PROVIDENCE, R.I. (WPRI) — Each year, thousands of children under the age of 5 are unintentionally poisoned by household products or medication.
But the national mortality rate among these incidents has increased over the past couple of years, according to the Consumer Product Safety Commission’s (CPSC) Pediatric Poisoning Fatalities and Injuries report.
Following a record low of 17 deaths in 2018, the report states that 34 children under 5 died in 2019, followed by 43 kids in 2020.
The spike in deaths can likely be contributed to the pandemic, which “has led families to spend more time indoors,” according to the CPSC. The report states that nearly 80% of unintentional poisonings, both fatal and non-fatal, occur at home.
The CPSC said that narcotics, such as opioids, caused nearly half of those pediatric deaths.
The report states that the number of non-fatal poisonings among children under 5 dropped slightly from 2019 to 2020, from 67,500 to 61,500, though the CPSC admitted that “the trend was not statistically significant.”
Locally, Rhode Island Department of Health spokesperson Joseph Wendelken said children under the age of 4 are the most likely to experience unintentional poisonings.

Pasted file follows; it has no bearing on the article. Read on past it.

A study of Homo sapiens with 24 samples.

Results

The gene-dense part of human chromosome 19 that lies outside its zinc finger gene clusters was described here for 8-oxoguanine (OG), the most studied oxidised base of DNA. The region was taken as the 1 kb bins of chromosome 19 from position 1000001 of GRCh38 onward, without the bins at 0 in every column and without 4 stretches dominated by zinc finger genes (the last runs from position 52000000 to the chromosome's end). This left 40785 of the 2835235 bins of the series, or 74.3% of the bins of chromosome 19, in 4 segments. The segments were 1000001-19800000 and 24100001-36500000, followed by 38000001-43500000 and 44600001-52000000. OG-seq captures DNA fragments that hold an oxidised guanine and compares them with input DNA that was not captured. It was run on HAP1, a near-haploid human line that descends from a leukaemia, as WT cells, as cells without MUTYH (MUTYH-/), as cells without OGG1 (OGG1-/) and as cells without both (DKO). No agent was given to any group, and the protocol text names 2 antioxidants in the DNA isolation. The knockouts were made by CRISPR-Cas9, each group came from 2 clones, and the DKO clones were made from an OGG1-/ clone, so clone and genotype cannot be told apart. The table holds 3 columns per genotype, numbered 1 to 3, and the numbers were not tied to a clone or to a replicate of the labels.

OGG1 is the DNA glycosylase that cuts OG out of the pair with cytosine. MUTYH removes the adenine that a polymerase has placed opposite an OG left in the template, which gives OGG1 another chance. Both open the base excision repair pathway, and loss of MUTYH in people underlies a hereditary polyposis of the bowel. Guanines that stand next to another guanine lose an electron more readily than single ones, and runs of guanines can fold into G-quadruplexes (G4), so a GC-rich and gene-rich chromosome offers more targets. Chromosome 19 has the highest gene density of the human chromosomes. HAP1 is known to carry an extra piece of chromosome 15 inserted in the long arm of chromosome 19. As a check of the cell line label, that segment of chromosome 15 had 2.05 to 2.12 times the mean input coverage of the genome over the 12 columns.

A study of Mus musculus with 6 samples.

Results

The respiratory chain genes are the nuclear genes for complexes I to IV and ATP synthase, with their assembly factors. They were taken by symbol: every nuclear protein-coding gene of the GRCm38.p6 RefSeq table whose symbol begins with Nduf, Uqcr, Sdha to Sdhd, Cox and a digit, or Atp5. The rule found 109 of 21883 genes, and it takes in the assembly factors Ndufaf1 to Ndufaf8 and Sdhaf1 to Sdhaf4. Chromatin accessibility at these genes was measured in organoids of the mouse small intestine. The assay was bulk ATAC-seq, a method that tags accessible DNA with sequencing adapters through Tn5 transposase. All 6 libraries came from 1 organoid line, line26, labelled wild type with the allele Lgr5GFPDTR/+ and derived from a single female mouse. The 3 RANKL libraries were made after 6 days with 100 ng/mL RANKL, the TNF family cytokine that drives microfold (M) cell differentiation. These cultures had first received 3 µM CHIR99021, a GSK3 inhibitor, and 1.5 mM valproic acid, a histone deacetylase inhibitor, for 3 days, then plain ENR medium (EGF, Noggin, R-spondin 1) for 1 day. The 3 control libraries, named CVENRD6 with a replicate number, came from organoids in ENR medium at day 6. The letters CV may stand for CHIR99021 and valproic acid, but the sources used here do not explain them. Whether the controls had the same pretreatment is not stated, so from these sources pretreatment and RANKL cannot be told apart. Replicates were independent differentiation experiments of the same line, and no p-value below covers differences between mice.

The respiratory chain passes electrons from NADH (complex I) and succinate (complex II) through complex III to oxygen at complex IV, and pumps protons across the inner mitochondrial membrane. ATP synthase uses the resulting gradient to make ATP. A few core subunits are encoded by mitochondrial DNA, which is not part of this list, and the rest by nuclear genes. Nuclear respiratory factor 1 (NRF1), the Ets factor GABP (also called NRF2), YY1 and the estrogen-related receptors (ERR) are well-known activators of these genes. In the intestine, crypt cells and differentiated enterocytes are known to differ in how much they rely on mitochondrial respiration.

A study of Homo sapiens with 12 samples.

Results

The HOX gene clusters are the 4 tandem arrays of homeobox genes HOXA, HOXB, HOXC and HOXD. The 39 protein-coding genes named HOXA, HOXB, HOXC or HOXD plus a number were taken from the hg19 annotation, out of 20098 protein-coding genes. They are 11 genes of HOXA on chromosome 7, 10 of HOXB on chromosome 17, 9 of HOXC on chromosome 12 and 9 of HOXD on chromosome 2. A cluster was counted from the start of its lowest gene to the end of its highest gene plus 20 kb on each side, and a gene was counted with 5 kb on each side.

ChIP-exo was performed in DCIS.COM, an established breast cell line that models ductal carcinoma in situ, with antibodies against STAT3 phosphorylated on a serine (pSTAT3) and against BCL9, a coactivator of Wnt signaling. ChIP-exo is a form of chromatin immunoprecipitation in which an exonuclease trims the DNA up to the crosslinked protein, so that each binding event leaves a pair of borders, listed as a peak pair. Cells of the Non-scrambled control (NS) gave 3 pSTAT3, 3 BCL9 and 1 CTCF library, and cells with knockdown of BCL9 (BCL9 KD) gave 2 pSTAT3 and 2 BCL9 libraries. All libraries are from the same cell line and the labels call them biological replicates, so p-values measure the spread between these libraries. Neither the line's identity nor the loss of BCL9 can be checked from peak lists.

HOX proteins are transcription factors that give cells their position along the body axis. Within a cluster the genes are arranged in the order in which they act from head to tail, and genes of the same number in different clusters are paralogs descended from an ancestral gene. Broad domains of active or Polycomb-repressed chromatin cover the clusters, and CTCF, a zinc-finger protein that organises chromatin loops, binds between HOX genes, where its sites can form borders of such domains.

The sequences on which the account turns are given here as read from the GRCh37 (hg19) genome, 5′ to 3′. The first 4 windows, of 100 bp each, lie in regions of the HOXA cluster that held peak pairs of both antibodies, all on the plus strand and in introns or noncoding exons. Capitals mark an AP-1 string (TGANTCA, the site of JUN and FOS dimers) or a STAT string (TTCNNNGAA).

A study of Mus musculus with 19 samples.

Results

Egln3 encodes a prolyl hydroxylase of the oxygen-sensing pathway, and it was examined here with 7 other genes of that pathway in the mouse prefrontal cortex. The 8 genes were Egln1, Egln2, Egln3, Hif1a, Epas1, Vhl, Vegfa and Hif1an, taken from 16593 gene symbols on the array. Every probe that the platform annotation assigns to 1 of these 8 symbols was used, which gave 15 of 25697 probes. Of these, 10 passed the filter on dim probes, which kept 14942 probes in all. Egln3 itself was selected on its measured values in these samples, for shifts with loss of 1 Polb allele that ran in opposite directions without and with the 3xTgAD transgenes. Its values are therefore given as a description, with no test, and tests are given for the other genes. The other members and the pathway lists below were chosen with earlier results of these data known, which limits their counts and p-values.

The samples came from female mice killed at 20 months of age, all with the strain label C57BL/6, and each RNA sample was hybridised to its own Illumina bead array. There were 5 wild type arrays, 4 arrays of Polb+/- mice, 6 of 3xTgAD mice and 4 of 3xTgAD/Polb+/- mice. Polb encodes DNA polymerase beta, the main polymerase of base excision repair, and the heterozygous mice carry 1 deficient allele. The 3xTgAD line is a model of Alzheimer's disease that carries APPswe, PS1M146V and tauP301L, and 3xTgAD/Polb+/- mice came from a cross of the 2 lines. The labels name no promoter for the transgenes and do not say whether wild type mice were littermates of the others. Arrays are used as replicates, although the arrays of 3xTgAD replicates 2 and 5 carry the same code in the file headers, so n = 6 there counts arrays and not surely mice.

From 2018 to 2020, Wendelken said 240 children under the age of 4 were rushed to the emergency room after swallowing something hazardous, as compared to 30 kids between the ages of 5 and 9 during that same time frame.
Wendelken said there are a number of products parents should keep away from their children to prevent these unintentional poisonings, such as antifreeze.
“It’s Kool-Aid colored and the sweet taste makes it attractive to kids,” Wendelken explained.
Batteries, items that contain lead and cleaning products are also of concern, according to Wendelken.
Nationally, the CPSC report states that blood pressure medications, acetaminophen and antidepressants are the top three causes of unintentional poisonings among kids.
Dietary supplements, bleach and laundry packets (also known as “pods”) also made the list.
There’s a number of preventative measures parents can take to prevent their children from ingesting something they’re not supposed to.
The CPSC recommends parents keep chemicals, medications and cleaning supplies safely stored out of the reach of children.
Parents should also keep potentially harmful products inside their child-resistant packaging, according to the CPSC, and any item with an unsecured battery should be either placed out of a child’s reach or reinforced with tape.
Most importantly, the CPSC urges parents to contact Poison Control immediately if a child swallows or is exposed to something hazardous.